More than one million people are forced to work during the harvest season in Uzbekistan’s cotton fields under appalling conditions – doctors and nurses pulled out of hospitals, students driven out of universities. It’s an annual outrage committed by the government of Uzbekistan, whose elites live rich off the harvest’s proceeds.

And the European Parliament may be about to give this system its stamp of approval.

Cotton picking by forced labor in Uzbekistan.

© Uzbek-German Forum for Human Rights

On Wednesday, the Parliament will vote on whether to lift a hold on a Textile Protocol with Uzbekistan, which it had blocked in 2011 over concerns about the government’s systematic use of forced labor. If adopted, the deal would lower tariffs on Uzbek cotton, allowing it to reach European markets more easily.

The economic impact of such a deal is fairly marginal – annual trade between the EU and Uzbekistan constituted only 1.6 billion euros (US$2.2 billion) in 2013. But approving the Protocol could undermine efforts to end forced labor, led by Uzbek activists, alongside their allies in the trade union and human rights movements, and even the apparel industry.

The Protocol’s fans argue the country has made improvements since 2013, when Uzbekistan first reduced the number of children being forced into the fields and allowed the International Labor Organization (ILO) into the country. Those hard won changes were indeed brought about through strong international pressure, including by the European Parliament. But since then, compensating for the reduction in child labor, authorities have relied more heavily on adult forced labor, with more than a million adults being forced to pick cotton this year, according to independent monitors in Uzbekistan.

The first recruits for the harvest are teachers, doctors, nurses, and other civil servants. Their absence from work each autumn disrupts the availability of medical care, education, and other essential services. Seeking to stem international criticism, the Uzbek government has cleverly sought to depict all those in the fields as mere “volunteers.” But independent monitors found evidence again this harvest that many cotton pickers were forced to sign statements of “voluntary” participation. The truth is that refusing to participate means losing one’s job, getting failing grades, or expulsion from university. Human rights activists or journalists reporting from the fields are often harassed, detained, and even beaten by authorities.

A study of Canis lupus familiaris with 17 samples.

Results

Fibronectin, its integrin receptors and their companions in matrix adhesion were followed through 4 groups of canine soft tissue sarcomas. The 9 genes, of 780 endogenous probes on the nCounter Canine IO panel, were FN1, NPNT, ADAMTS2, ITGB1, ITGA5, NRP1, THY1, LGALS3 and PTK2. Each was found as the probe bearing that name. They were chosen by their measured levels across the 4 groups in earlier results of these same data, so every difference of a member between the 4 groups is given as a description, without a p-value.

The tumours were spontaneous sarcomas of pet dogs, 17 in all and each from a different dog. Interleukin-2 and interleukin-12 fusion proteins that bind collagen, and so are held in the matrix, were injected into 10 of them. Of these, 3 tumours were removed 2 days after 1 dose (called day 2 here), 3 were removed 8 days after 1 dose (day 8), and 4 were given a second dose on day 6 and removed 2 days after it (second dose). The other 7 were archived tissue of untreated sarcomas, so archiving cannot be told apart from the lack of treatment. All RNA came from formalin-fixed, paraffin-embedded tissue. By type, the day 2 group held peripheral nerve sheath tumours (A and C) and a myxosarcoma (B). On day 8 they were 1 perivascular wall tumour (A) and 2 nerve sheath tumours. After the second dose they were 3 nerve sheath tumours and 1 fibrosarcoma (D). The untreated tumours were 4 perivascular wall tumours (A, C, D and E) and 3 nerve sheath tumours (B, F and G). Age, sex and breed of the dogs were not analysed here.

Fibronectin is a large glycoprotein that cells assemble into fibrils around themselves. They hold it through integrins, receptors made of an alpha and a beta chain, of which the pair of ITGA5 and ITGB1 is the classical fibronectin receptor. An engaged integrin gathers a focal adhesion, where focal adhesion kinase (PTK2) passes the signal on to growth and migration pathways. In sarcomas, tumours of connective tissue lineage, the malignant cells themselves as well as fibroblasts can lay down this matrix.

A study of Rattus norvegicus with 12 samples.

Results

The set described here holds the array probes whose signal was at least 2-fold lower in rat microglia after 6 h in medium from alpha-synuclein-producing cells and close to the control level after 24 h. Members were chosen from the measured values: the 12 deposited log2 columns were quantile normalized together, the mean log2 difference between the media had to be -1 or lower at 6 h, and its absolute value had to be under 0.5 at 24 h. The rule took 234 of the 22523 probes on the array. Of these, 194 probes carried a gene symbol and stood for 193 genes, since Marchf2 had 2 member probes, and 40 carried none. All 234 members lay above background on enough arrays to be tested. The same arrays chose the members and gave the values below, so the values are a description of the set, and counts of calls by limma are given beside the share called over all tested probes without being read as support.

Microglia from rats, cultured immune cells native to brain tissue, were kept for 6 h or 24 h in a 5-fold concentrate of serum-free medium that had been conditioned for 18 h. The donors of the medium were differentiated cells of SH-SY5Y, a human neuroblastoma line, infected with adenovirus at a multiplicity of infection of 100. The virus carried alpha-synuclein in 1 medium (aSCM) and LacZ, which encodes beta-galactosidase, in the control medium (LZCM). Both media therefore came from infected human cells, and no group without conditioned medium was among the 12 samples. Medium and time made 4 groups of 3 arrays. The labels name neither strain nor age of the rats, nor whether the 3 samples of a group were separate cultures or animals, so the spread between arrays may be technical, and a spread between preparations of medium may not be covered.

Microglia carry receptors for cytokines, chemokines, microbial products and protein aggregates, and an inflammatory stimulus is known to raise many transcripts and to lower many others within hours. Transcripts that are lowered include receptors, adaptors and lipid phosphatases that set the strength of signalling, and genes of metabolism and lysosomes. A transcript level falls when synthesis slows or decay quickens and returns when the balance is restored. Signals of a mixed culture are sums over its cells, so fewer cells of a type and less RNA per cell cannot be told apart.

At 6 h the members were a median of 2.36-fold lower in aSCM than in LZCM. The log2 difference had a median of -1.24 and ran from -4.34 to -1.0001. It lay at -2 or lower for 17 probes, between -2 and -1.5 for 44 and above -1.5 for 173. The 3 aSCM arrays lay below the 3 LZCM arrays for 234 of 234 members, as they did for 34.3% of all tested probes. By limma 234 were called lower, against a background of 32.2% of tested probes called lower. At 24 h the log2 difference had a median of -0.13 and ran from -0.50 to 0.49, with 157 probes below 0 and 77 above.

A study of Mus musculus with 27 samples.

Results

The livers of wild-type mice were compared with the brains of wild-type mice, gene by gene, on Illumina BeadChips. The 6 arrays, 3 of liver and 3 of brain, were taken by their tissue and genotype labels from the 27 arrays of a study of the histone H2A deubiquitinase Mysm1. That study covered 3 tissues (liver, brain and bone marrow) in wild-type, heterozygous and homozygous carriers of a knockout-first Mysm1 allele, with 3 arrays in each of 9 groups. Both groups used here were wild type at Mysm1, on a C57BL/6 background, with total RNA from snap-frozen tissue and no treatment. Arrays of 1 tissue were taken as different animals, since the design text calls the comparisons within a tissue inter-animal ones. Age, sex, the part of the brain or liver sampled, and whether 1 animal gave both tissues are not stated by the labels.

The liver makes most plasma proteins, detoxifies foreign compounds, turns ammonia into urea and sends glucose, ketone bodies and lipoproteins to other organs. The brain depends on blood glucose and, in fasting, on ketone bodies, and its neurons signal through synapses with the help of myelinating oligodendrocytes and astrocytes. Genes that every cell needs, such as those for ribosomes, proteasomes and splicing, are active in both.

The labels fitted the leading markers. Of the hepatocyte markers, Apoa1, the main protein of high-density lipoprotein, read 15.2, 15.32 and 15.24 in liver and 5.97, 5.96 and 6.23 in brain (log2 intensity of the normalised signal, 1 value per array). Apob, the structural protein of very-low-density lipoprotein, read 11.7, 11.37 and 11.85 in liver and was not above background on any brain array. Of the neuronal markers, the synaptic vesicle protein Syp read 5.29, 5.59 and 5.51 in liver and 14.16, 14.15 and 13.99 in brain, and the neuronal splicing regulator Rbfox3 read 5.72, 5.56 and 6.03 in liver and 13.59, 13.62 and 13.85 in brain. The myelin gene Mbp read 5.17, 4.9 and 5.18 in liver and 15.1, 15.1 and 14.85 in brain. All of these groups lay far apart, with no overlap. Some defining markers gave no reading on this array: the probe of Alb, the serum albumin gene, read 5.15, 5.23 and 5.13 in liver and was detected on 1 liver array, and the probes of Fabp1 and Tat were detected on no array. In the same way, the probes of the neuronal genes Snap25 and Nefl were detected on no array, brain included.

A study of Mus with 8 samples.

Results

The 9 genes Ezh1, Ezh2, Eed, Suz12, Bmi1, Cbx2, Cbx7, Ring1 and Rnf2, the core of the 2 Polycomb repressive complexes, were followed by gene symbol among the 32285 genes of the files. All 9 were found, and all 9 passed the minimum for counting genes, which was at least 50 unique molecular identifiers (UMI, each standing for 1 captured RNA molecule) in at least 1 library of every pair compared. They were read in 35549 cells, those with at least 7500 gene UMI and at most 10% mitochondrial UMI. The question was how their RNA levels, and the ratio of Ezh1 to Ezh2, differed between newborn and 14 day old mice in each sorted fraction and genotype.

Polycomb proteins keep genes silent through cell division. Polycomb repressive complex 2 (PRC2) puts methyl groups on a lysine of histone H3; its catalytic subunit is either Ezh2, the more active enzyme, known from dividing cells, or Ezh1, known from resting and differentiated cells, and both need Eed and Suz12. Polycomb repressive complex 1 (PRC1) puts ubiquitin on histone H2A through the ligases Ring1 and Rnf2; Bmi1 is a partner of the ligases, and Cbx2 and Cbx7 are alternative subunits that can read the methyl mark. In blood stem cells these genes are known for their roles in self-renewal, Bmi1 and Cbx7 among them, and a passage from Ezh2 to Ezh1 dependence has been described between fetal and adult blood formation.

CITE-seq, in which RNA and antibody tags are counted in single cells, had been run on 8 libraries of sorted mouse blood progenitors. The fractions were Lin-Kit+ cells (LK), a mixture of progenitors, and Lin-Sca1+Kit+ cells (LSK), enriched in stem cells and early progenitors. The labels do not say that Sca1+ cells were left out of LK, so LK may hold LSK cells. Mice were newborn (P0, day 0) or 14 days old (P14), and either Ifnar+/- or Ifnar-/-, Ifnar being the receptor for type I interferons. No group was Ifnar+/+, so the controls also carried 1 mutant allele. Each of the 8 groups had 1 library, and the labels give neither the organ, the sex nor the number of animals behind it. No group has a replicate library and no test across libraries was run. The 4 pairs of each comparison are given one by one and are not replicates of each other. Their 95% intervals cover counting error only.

Recently, observers obtained – for the first time – a document from an official that confirms the Uzbek government is organizing the forced labor. In response to a complaint on forced involvement of doctors and teachers, a Chinaz district prosecutor referred to a July 2016 decree by the Cabinet of Ministers regarding the cotton harvest of 2016, under which a decision was “taken to deploy all staff to pick cotton. Based on this decision all staff of the district departments and medical establishments have been involved in picking cotton.”

Adopting this Protocol now sends the wrong message to Tashkent. At the very least, before the European Parliament takes up its vote, it should closely examine the abuses of the latest cotton harvest, including the new damning evidence emerging about the government’s hand in orchestrating it. Or do members want to be seen by Uzbekistan’s millions of victims of forced labor as the parliament that turned a blind eye to their suffering?